Prepare Your Hair For The Cold

The rains and floods are receding, and the cold dry winds of the harmattan are close by. Blessing Ukemena writes on how to protect your hair as the weather turns colder.

When we think of the harmattan, which is around the corner, we remember the dust-filled days, piercing sunlight, adorable sweaters, and fashion-forward boots that come to mind. Something else that seems to go hand in hand with this cold dry winds which can dry, brittle and damaged hair. Lucky for you, this doesn’t have to be your story. There are ways to provide some sort of protection for your hair.

Deep condition regularly
This tip probably sounds like the same old broken record playing over and over, but deep conditioning is extremely important to any hair care regimen, and even more important during the Fall and Winter months. Having clean hair is extremely important, but while shampooing helps to rid your hair of any impurities, it can also strip your hair of its natural oils, leaving hair dry and brittle. Cold weather only seems to worsen these conditions.

Moisturising deep conditioners assist in combatting this issue. Adding a deep conditioner to your haircare regimen may add a few more minutes to your routine, but it is certainly worth it in the long run.

Suggestions: If in any case you have noticed that more of your hair falls out after conditioning, then better stop conditioning all together.

Getting rid of split and brittle ends that have been damaged by hair summer rays is one of the best things that you can do for your hair this time of the year. There are some who suggest that you should trim your ends every six to eight weeks.

Then, there are others who believe that trimming your ends that frequently isn’t necessary. I don’t feel that there is one blanket trimming schedule that applies to all women. When you notice that your ends are damaged and splitting, get rid of them.

Learn to not only moisturise, but seal as well
As your hair is forced to endure beatings from high winds and cold weather, it tends to dry out a bit. Adding moisture to your hair is great; but it is not enough to keep your hair hydrated. Once you’ve washed or wet your hair, try applying a water based leave-in conditioner or moisturiser and following up with an oil or butter such as coconut oil, grapeseed oil, jojoba oil, olive oil, mango butter or raw shea butter. Water and moisturisers are what add moisture to your hair, but the oils or butters are what seal it in.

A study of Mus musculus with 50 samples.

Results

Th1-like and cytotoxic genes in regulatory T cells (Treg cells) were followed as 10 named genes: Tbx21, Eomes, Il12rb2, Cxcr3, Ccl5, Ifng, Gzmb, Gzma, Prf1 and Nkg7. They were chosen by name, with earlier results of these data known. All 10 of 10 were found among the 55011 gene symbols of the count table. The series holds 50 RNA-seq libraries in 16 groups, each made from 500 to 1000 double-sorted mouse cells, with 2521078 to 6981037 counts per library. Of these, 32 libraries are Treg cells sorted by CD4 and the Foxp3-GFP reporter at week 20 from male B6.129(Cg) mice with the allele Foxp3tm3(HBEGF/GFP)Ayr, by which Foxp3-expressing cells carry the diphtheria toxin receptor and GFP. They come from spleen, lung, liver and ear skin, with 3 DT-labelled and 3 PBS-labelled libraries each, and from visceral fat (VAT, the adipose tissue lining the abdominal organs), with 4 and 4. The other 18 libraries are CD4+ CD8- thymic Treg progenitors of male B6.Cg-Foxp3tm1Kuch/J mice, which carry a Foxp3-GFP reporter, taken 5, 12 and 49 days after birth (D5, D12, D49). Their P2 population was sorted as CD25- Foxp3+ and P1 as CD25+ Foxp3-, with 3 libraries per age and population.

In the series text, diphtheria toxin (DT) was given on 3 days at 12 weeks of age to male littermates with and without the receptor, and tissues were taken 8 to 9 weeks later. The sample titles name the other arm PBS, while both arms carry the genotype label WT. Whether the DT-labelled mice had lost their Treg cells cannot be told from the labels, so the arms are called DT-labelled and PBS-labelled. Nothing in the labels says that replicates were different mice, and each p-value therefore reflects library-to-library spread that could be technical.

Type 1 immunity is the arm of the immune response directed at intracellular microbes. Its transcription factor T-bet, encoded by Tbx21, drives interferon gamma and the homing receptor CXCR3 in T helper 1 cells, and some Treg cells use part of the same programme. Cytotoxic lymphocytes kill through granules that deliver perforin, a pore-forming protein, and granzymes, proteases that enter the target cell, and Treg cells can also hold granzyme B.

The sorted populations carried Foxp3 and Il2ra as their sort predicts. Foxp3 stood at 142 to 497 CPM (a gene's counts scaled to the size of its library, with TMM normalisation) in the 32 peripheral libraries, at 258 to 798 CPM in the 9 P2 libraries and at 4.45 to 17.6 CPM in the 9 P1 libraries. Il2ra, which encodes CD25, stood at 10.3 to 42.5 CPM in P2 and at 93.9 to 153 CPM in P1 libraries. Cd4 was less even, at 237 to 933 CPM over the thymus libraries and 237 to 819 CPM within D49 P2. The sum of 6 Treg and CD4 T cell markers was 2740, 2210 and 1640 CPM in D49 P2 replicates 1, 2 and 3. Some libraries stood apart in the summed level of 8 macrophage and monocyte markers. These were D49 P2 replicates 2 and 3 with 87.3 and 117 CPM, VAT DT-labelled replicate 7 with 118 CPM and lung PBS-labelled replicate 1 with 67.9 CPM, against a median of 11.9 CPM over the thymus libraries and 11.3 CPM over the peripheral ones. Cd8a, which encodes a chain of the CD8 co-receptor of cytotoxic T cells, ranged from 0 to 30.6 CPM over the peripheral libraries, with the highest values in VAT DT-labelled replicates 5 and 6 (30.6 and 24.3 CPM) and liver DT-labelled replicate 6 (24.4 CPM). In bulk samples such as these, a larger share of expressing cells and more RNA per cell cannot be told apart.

Beware of the wool scarves and jackets
Ugh, wool scarves and jacket collars are guilty of damaging the ends of fabulous tresses across the globe. As temperatures drop, many ladies are reaching for the wool scarves and pea coats. I know the temptation to strut down the street in your fine wool pea coat with your hair “flowy” and flying in the wind like Sarah Jessica Parker out of an episode of Sex and the City, but, unless you have a FULL weave or an up-do, that style is not for you. Wool causes breakage due to friction, it also has a tendency to deplete your hair of necessary moisture.

Protective styling
Due to the dry condition that the cold weather has a tendency to put hair in, protective hair styles are super helpful. Protective hair styles that require low or no manipulation styles that put hair up and away giving it a break and shielding from harmful elements, which help in preventing breakage. This means that if you are more comfortable with weavons and hair extensions, then now is when you need it more.

If you are a naturalista, then you should be doing a lot of pack up styles. Braids are also very good as well. Protective styles prevent damage to the edges, while allowing the hair to rest; wearing natural hair out constantly puts you at the risk for breakage, which inhibits hair growth.

Wear silk scarves
The modern woman likes to leave her hair flowing, but this is not safe for your hair in the harmattan season. If you sport a jeans and shirt, you could slam on a face cap or these fancy nets and beads headgear that most young ladies are sporting. The less the winds get to touch your real hair, the better for you.